Obama To Nominate A Candidate To Fill Scalia's Empty Chair
MARY LOUISE KELLY, HOST:
The death of Justice Antonin Scalia leaves a big hole in the Supreme Court and a big opportunity for President Obama. That's because the court has been closely divided, five to four, on major social issues for years. Now the White House has a chance to shift the balance of power with a new Democratic appointee. Well, with us to talk about who that appointee might be is NPR justice correspondent Carrie Johnson. Good morning, Carrie.
CARRIE JOHNSON, BYLINE: Good morning, Mary Louise.
KELLY: Has President Obama said anything specific about who he's looking for?
JOHNSON: No. We know from the White House that they do not intend to name somebody to the High Court while the Senate is in recess. So that buys about a week of time. If history is a guide, Mary Louise, two prior nominees by the president to the Supreme Court, Sonia Sotomayor and Elena Kagan, tell us something. He values diversity, diversity of experience and empathy. He has not, as a general rule named ideological bomb-thrower types to the bench over the last seven years. And it's really unlikely he's going to pick that kind of fight now, at this stage in his presidency.
KELLY: OK. So walk us through some of the names that are being floated.
JOHNSON: OK, with the caveat that the White House is not leaking me the shortlist - although I do know lawyers there have been working around the clock on this issue. A man being mentioned a lot is Sri Srinavasan. He's a 2013 appointee to the Federal Court of Appeals here in Washington, D.C. He was born in India, who's worked with both Democrats and Republicans and on some big cases in the private sector too. There's also Paul Watford. He's an African-American judge currently on the Ninth Circuit Court of Appeals. He's clerked for Judge Alex Kozinski, a very prominent judge, and Ruth Bader Ginsburg, who is not so conservative.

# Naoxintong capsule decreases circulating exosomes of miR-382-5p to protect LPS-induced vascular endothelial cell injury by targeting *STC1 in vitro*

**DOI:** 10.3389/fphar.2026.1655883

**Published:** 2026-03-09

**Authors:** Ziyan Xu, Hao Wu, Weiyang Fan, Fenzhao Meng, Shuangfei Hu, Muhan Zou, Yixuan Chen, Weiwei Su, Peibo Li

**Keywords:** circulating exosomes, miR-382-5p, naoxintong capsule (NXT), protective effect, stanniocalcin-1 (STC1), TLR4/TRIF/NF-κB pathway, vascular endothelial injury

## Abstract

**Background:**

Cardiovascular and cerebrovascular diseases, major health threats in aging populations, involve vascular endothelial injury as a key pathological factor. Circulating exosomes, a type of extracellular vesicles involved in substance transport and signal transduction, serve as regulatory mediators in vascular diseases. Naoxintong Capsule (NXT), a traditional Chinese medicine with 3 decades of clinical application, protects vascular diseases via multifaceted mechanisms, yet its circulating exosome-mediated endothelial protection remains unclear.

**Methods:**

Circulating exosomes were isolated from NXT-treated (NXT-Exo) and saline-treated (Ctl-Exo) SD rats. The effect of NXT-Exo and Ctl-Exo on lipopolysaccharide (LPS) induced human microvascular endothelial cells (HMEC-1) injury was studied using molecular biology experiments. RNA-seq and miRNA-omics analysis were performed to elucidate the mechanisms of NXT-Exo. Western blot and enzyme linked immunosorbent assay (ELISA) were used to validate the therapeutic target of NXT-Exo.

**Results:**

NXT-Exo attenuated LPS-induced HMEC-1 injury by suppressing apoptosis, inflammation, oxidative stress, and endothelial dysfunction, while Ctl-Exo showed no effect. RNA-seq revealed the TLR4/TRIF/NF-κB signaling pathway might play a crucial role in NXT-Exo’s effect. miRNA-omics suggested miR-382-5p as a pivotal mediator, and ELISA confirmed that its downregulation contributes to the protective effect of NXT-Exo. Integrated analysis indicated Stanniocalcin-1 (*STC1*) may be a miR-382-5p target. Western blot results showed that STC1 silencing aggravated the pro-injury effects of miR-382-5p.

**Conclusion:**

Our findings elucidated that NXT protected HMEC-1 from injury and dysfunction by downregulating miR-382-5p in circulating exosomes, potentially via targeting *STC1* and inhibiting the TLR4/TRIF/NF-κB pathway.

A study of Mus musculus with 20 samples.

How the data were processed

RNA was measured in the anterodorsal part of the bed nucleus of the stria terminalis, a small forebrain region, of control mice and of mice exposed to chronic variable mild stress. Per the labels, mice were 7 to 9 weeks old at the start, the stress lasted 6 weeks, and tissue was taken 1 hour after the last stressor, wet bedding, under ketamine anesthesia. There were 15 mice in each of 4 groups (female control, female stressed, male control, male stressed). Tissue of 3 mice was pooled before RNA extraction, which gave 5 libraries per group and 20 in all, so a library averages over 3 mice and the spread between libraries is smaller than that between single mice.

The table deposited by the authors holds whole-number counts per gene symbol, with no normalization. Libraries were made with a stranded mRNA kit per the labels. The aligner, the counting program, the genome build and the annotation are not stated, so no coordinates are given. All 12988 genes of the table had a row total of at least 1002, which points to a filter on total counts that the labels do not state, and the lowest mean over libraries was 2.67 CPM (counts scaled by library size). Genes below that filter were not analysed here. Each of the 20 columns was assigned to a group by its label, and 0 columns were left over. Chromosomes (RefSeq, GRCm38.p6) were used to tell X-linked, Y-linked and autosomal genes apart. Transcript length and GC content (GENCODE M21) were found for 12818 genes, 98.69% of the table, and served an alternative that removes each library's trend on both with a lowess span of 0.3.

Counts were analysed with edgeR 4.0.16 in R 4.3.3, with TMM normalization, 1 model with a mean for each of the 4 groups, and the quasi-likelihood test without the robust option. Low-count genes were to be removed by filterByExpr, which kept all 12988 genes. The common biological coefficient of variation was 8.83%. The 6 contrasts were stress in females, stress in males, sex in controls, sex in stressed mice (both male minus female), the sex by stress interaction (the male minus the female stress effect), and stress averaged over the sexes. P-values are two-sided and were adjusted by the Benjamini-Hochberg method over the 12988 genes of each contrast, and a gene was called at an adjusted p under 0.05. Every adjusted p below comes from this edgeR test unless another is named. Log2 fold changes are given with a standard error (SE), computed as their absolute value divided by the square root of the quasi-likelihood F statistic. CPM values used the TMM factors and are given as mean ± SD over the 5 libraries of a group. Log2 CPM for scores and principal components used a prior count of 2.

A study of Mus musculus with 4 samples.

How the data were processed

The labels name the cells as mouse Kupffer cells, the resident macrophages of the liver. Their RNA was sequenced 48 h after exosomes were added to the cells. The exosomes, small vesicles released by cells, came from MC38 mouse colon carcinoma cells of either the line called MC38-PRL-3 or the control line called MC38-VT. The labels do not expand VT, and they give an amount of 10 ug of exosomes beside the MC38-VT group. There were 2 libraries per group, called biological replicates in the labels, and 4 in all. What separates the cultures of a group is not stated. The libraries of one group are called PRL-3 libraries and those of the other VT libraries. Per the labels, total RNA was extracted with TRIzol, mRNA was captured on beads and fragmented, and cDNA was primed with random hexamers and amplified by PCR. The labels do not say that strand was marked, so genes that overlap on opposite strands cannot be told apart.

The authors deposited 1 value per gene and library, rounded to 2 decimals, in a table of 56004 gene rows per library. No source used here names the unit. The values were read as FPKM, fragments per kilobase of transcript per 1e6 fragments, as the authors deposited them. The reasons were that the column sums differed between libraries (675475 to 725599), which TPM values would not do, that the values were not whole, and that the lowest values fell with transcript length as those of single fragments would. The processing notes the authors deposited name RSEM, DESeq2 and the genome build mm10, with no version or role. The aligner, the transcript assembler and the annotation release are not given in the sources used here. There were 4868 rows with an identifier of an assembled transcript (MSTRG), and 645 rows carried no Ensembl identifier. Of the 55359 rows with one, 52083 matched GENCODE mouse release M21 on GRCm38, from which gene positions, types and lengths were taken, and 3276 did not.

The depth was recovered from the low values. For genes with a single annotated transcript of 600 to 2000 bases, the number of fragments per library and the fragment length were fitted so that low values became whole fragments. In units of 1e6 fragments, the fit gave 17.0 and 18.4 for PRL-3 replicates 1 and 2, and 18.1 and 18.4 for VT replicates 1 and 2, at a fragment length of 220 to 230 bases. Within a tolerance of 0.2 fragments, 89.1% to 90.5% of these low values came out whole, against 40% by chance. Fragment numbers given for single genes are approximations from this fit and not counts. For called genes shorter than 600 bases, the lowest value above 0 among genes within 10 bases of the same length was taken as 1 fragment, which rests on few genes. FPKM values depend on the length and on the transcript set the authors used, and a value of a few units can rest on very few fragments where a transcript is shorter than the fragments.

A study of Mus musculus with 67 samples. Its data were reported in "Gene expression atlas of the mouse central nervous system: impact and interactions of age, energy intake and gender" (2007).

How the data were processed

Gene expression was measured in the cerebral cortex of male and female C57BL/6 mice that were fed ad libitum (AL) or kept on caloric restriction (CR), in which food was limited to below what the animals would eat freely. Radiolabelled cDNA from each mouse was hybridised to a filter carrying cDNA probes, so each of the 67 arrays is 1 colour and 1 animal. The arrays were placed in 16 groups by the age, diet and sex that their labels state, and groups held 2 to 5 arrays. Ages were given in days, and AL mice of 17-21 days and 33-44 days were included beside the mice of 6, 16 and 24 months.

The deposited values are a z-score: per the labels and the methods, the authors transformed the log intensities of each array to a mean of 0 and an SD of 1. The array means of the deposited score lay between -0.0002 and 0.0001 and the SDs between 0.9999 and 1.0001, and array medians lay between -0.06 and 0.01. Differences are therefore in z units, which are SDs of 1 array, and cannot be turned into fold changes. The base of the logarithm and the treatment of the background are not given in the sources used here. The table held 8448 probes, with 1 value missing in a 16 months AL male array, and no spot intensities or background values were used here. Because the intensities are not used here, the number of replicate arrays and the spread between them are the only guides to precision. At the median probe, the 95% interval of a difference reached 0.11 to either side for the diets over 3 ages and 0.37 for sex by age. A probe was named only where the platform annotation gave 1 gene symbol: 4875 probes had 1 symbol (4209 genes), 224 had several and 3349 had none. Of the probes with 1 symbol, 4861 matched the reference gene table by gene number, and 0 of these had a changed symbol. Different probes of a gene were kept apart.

JOHNSON: And also, two women, Mary Louise - Jackie Nquyen, who was born in Vietnam. Her family fled and lived in a refugee camp for a time. She's now a judge on the Ninth Circuit too. And we know from past history, President Obama loves those kind of stories. Finally, there's Patricia Millett, who's argued a lot of Supreme Court cases. She's the wife of a current or former Navy revervist (ph) - reservist rather. And faith has been important and prominent in her life. In her confirmation process for the lower court bench in D.C., she brought along her pastor.
KELLY: OK, so four names there. Now, the catch is that Republican leaders in the Senate have already said they will not act on any nominee that the president puts forward because they want to leave that choice to the next president. Do you hear, Carrie, whether there's - might be any flexibility among Senator - among Senators if the president were to choose a moderate?
JOHNSON: That's certainly something that Democrats are considering now. And there are a few moderate names out there, Mary Louise. In addition to Sri Srinavasan, whom I mentioned earlier, there is a campaign going for Attorney General Loretta Lynch, who, of course, was just confirmed not that long ago to lead the Justice Department, which I cover. She's an African-American woman, just 56 years old, grew up in the segregated South in North Carolina and has gotten along well with people in the administration and, generally speaking, not had too rough a time on Capitol Hill. There's also the idea that if the president named somebody who's a moderate Republican, that may make some kind of difference - someone like Kannon Shanmugam, who's in his early 40s, a former clerk to Justice Scalia, who now runs the Supreme Court practice at a big law firm here in Washington, D.C. He's very well liked. But it's hard to see any nominee at this point breaking through some of that log-jam in the Senate.
KELLY: OK. So I know the math is always tricky. But, Carrie, to force a nominee through, how many Republicans would the White House have to win over?
JOHNSON: Fourteen, the answer is 14. The president would have to keep in line every single Democrat in the U.S. Senate and attract 14 Republicans. That's because in order to prevent or override any kind of filibuster or procedural maneuver by Republicans, the magic number is 60. It's really hard to see that happening this year.
KELLY: OK. Watch this space. Thanks so much, Carrie.
JOHNSON: You're welcome.
KELLY: That's NPR justice correspondent, Carrie Johnson.